HANG TIME SOUTHWEST — Here’s the thing we’ve known and were reminded of again Sunday night: When LeBron James and the Miami Heat crank it up to full blast, there’s not an outft in the league that can match their speed, athleticism or the ferocity with which they pounce.
With 3:50 to go in the third quarter, the San Antonio Spurs led 62-61 and were closing in on a 2-0 NBA Finals lead and the delicious notion of three in a row coming up in the Alamo City.
Six minutes, 31 seconds later — with 9:19 left in the game — the Spurs trailed 84-65. Ninety-three seconds later it was 91-67 — a 30-5 Miami blitz (it eventually grew to 33-5) that got Spurs coach Gregg Popovich calling Southwest Airlines to jet his boys home.
So after two games and four days on South Beach, the Spurs and Heat are even at 1-1. Here’s what went right and what went wrong in Miami’s 103-84 Game 2 victory:
RIGHT: LeBron needs help, LeBron gets help. Let’s start with the guy that’s been getting beaten up, third-wheel Big Three member Chris Bosh. He was getting the ball inside the 3-point arc rather than outside of it and it allowed him to make a move and get to the elbow for higher-percentage shots. That paid off. Bosh had just 12 points, but he shot 6-for-10, with five of his six buckets coming inside 18 feet. He set an aggressive tone early with a couple of steals and a block in the opening six minutes, and finished with 10 rebounds — four on the offensive glass. Point guard Mario Chalmers led the Heat after three quarters with with 17 points. He finished with 19 and was a high-energy player who was a game-high plus-30 in 35:22.
WRONG: Speaking of point guards, the one that hit the brilliant shot at the end of Game 1 wasn’t very good in Game 2. Tony Parker saw a variety of different looks from the Heat defense (give credit to Miami coach Erik Spoelsta) and he was thrown off his rhythm throughout. Parker had just 13 points on 5-for-13 shooting and got to the free-throw line just twice for four free throws. The big stat was five turnovers, which was five more than he had in Game 1 and one more than the entire team committed in the opener. San Antonio had 17 in Game 2 that led to 19 Heat points and a 17-point edge in points off turnovers.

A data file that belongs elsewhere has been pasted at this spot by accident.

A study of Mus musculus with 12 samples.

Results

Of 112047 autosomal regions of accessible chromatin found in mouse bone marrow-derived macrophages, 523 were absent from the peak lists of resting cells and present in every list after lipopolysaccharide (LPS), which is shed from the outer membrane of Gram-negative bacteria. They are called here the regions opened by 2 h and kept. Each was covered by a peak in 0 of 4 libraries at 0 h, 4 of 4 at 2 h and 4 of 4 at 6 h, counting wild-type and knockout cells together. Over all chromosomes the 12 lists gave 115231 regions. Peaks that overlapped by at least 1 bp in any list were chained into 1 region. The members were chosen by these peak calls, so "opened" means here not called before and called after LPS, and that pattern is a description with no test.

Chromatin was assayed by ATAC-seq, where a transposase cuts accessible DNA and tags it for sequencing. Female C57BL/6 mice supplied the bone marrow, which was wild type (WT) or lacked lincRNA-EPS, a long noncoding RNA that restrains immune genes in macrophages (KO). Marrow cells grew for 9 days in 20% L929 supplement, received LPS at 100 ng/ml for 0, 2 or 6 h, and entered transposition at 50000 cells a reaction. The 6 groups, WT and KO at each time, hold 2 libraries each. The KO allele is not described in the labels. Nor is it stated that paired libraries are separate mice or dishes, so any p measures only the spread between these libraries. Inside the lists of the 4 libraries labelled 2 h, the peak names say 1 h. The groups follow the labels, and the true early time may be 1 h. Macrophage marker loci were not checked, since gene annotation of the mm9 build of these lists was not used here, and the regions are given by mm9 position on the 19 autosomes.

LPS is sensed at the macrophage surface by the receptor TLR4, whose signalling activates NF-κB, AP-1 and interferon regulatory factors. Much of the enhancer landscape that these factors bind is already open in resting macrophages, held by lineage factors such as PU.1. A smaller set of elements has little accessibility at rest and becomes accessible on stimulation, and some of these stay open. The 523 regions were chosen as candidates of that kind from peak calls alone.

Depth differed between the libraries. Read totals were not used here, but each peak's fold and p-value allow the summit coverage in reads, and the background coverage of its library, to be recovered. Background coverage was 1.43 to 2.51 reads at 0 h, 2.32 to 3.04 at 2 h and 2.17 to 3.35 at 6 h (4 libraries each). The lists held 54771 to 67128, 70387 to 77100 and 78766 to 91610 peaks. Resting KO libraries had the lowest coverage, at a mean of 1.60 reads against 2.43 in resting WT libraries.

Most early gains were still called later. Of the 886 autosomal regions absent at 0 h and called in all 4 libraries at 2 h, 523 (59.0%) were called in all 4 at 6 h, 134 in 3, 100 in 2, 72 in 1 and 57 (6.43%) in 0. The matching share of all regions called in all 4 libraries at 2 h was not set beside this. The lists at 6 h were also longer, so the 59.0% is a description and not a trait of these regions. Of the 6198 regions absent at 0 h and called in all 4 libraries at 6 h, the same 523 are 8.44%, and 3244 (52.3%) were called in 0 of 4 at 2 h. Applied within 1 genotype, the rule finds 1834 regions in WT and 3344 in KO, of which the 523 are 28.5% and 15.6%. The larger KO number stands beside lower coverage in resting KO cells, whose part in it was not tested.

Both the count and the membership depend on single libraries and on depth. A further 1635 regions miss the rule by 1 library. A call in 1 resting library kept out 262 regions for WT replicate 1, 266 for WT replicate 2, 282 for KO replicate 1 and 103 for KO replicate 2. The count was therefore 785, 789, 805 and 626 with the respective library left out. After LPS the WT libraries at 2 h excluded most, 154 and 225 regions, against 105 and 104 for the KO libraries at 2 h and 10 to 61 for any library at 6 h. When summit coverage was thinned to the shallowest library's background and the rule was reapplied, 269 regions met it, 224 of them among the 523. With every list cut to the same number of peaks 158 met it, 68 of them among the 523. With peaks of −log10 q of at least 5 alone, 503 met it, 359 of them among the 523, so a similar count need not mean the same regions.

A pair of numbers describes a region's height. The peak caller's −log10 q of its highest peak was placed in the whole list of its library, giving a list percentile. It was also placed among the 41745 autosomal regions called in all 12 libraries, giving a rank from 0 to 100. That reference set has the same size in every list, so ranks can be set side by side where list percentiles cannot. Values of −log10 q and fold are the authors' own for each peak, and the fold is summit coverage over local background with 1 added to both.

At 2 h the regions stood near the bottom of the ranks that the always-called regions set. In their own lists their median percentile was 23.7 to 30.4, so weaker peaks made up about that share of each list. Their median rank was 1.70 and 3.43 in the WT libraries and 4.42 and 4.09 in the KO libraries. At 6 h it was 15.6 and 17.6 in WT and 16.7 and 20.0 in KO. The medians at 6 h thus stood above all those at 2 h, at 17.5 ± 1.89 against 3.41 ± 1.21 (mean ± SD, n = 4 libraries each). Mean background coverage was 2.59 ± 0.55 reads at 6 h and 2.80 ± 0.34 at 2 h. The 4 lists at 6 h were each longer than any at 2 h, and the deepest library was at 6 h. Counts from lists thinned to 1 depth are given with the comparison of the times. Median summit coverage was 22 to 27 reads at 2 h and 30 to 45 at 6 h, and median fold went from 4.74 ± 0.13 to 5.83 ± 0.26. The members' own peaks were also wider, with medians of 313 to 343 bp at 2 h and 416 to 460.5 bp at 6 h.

RIGHT: Back to LeBron, who proved that a triple-double is nothing more than a stat. After getting 18 points, 10 assists and 18 rebounds in the Game 1 loss, the regular-season MVP was 3-for-13 for eight points with five assists and five rebounds. Then came the blow-away fourth quarter with James going 4-for-4 for nine points, three rebounds, two assists and one mammoth Tiago Splitter dunk-blockade, his third block of the game. The King never flinched, got help when he needed it and demoralized the Spurs when it mattered most.
WRONG: Hello Manu Ginobili? Earth to Manu? Come in, Manu. It hasn’t been a pretty postseason for the 35-year-old shooting guard. Game 2 was just the latest example. Ginobili, a whirling dervish of a penetrator throughout his great career was again off the mark, going 2-for-6 from the floor and 1-for-4 from beyond the arc with three turnovers in 17 minutes. The Spurs will need more than that from their sixth man on a bench that suddenly looks rather thin. But hard to pinpoint blame solely on Ginbobili in this one when Tim Duncan and Parker combined to go 8-for-27.
RIGHT: If the Spurs can take a positive out of Game 2, it was the sharp shooting of sharpshooter Danny Green. There was plenty of skepticism out there whether the former second-round pick out of North Carolina could handle the spotlight after he froze in last season’s West finals against Oklahoma City. He’s shown, two games deep into his first NBA Finals, that he can. In Game 2, he busted all five of his deep attempts and was 6-for-6 overall for 17 points. In the first two games, Green is 9-for-14 from beyond the arc. Green is shooting 42.3-percent from 3-point range in the playoffs. The even-better news for the Spurs? Green shot 47.6 percent behind the arc at home.
WRONG: It might not be fair to label this as “wrong.” Maybe “huh?” might be better. But what happened to Dwyane Wade? He had the aggressive, 21-point Game 7 to oust Indiana and pretty strong Game 1. In Game 2, however, Wade played just 2:45 of the fourth quarter and had already left the game in the third quarter when the Heat laid the lumber to San Antonio. Wade had just 10 points (though he had six assists) in less than 30 minutes. Questions will persist about Wade’s ailing right knee, the level the player they once called “Flash” is capable of reaching in these Finals, and if all that will be good enough. On Sunday it was.